Hey guys, new to Biologos and new to the idea of Theistic Evolution. My question is if you take Genesis 2 as history, maybe not exclusively literal history but history none the less, then how do you interpret God making Adam “from the dust”. If this is a metaphor, what is it describing. Any help would be most welcome!
Great to have you here! You bring up a good question, and one that there are going to be a variety of positions taken by forum participants, but that is what makes it interesting.
Of the top of my head, in an astronomical sense, it is literally true in we are made of stardust, from elements forged in the heat of stars, but that is reading modern science into the text, which is really not proper interpretation.
When we get past that, some feel God created Adam as a special creation in the midst of a population of humans, and thus is “from the dust” while others feel that he was a chosen representative from that population, and being “from the dust” is something that is poetic and in fact is also said to be true of you and me when we read Psalm 103: 14"For he knoweth our frame; he remembereth that we are dust." as well as elsewhere in the scriptures. The latter interpretation is what I lean toward.
What is it describing? I would say it describes our being created by God through no work of our own, that it describes our humble beginning and humble ending, and our dependence on God for our very being.
As to whether you take Genesis 2 as being history, that depends on how you define history. I would suggest reading John Walton’s book, The Lost World of Adam and Eve. You may not agree with everything there, or everything here, but it is good food for thought.
Thanks for the response. Ill definitely check Walton’s book out. As it stands right now, by history I mean an account of things that literally happened. The account may be non-literal, but it is still an account of chronological events. I’m not yet sold on the idea that Adam and Eve are purely allegory, mainly because other Bible writers quote them so much. But I recently came to accept evolution, so I’m very open to new ideas at the moment. By the way, I’m really glad I found this site. Definitely had my ideas challenged in the best possible way!
You have to ask yourself what else would someone raised reading texts from Old Testament scrolls believe?
Jesus knew the scrolls. How would he know exactly which parts are historical and which are legends? Was Jesus born a carpenter, or did he have to learn the craft? If we proposed a time travel scenario, would Jesus already know how to drive a stick-shift sports car? Or would he have to learn it?
In the Book of Job, the writer describes snow and hail being stored in treasuries (warehouses) in the sky, until such time as God needed to use his supply. Were these things written because they were true? Or because that was the best estimate of reality at the time?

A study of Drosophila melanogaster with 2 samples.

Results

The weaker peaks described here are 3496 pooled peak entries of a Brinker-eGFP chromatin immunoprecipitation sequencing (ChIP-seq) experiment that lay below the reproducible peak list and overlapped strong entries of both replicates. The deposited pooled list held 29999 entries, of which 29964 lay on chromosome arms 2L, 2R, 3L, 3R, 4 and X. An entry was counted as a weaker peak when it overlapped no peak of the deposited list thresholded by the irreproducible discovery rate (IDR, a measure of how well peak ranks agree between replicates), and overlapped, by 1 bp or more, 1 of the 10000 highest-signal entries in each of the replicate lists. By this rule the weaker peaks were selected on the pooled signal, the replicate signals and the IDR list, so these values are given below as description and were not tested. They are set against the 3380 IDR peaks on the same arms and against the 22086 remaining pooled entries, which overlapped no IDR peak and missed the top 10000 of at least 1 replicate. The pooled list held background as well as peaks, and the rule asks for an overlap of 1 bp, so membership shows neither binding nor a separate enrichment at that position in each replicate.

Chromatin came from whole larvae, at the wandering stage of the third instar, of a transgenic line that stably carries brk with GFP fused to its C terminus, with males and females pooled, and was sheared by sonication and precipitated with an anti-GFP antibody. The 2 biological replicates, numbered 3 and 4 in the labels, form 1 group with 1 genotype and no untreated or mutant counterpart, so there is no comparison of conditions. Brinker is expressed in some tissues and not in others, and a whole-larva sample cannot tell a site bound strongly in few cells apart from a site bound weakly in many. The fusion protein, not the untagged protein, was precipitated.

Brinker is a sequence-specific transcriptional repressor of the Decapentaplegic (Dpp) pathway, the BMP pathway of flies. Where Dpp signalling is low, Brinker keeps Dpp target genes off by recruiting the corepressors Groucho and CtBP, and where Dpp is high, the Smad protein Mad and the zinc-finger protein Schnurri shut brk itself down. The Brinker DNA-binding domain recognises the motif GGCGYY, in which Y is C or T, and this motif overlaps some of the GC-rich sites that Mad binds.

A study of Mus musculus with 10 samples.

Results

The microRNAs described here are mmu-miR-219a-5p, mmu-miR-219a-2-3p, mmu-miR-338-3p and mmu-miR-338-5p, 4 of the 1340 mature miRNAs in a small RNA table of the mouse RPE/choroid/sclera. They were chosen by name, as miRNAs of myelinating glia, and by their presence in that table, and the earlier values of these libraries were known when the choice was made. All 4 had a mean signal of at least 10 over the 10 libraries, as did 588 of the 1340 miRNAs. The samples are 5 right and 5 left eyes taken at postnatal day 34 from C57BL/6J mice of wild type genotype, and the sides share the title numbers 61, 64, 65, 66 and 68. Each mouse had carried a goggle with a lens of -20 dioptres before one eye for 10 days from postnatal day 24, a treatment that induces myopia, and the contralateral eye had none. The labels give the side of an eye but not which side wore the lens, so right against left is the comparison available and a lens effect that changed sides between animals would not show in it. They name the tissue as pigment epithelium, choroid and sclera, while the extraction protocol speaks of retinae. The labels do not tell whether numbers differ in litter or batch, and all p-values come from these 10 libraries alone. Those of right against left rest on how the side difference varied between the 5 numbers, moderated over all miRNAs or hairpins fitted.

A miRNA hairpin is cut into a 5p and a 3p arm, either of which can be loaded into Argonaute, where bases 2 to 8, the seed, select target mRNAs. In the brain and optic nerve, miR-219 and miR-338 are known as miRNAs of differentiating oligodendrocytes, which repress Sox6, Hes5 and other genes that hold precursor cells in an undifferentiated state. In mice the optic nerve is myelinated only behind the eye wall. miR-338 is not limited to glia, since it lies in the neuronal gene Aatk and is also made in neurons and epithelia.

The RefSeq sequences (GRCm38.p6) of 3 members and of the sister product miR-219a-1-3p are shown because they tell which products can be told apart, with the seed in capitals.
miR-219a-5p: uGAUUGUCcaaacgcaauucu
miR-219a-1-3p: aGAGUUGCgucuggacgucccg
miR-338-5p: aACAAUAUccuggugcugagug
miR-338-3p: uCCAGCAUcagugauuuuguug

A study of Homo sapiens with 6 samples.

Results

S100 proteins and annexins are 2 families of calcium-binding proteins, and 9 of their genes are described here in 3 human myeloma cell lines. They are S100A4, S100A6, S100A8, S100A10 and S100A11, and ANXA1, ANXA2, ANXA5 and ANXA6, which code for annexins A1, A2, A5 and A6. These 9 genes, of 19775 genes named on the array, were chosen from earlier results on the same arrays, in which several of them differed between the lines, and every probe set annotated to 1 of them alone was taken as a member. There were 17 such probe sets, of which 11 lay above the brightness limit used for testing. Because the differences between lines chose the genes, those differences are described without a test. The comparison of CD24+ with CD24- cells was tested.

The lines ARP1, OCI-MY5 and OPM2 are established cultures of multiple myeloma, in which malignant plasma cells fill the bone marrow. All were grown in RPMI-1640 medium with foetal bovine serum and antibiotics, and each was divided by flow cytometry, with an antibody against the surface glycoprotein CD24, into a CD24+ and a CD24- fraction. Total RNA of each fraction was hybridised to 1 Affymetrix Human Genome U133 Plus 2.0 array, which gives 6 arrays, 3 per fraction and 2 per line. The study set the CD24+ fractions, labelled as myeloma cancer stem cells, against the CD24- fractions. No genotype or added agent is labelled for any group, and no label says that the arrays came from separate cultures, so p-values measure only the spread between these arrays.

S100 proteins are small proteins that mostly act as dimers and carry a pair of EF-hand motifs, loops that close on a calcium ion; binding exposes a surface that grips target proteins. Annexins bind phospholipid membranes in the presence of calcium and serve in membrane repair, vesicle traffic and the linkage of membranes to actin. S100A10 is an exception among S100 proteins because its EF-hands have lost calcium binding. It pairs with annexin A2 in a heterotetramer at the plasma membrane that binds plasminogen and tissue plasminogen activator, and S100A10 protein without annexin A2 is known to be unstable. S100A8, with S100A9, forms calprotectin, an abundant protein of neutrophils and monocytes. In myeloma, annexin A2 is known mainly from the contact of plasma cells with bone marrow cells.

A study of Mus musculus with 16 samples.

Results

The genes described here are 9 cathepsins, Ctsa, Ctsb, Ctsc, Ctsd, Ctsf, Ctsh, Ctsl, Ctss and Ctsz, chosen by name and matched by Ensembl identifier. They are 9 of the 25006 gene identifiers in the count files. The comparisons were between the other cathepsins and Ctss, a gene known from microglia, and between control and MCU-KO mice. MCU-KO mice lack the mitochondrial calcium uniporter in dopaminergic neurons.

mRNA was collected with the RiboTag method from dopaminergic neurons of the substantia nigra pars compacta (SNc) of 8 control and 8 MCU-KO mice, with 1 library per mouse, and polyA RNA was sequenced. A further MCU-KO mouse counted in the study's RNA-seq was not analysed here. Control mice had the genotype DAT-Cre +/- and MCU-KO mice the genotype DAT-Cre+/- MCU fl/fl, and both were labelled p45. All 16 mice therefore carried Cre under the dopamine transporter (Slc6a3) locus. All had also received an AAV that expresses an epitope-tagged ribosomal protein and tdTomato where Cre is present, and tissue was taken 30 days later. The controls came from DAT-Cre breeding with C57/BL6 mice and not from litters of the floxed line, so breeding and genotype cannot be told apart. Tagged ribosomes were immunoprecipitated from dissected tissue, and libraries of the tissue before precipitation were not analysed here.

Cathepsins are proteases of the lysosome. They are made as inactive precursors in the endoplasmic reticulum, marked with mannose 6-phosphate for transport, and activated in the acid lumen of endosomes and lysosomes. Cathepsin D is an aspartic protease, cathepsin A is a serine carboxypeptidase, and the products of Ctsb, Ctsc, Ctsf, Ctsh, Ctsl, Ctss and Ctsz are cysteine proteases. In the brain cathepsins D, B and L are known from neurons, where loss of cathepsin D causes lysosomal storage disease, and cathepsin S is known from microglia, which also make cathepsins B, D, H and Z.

Welcome, Grant Aaron. (I’m married to an Aaron Grant, so your name will be easy to remember.)
I like to read the Bible scholars who attempt to situate the narrative of Genesis in its cultural context and try to think about which concepts and expectations of the original audience the writer might have been tapping into by framing things the way he did. I don’t think Genesis 2 is “history” or “myth.” It is doing something different. It’s telling about a historical event (God establishing relationship with humans), but using a narrative style where the main objective is to communicate theological truth, not objective facts.
From what I have read in Longman’s and Walton’s books, the Genesis 2 account of the creation of Adam and Eve is similar in certain ways to creation stories from other religions and cultures of the ancient near east. That does not mean that the composer of the Genesis narrative “borrowed” from other literature or that Genesis 2 is not true. But, it does indicate that there were certain cultural expectations about how these creation narratives were expected to go. People were created out of stuff; clay, mud, dust. They were endowed with life because a deity breathed on them, or cried on, them or bled on them. That was just how the story was supposed to go. So I don’t necessarily think the “Adam was created out of dust” or God breathed in him the breath of life" part was extremely salient “new information” that carried all this deep significance and meaning. Maybe it was more of a signal or conceptual trigger that activated people’s expectations about what kind of narrative this was going to be and what questions it was going to answer. To a certain degree the narrative accommodated their expectations for how the story should go when it was setting the scene and providing the context for the important message. The important messages stand out because they diverge from the expectations.
Welcome to the BioLogos forum. I’m glad you found the site as well.
I do a lot more reading in the forum than writing, mainly because of time constraints, but I wanted to point you to a video that you might find helpful. Phil and Christy have already mentioned John Walton’s writings, and just a few days ago I was watching Walton’s presentation at the BioLogos conference in 2015: Investigating What the Bible Claims Concerning Adam and Eve. If you don’t think you’ll be able to get through Walton’s books soon or you just want a preview of his ideas, this could be a good place to start. I think the whole lecture is worth watching, but he specifically addresses your “from the dust” question starting at about the 20 minute mark.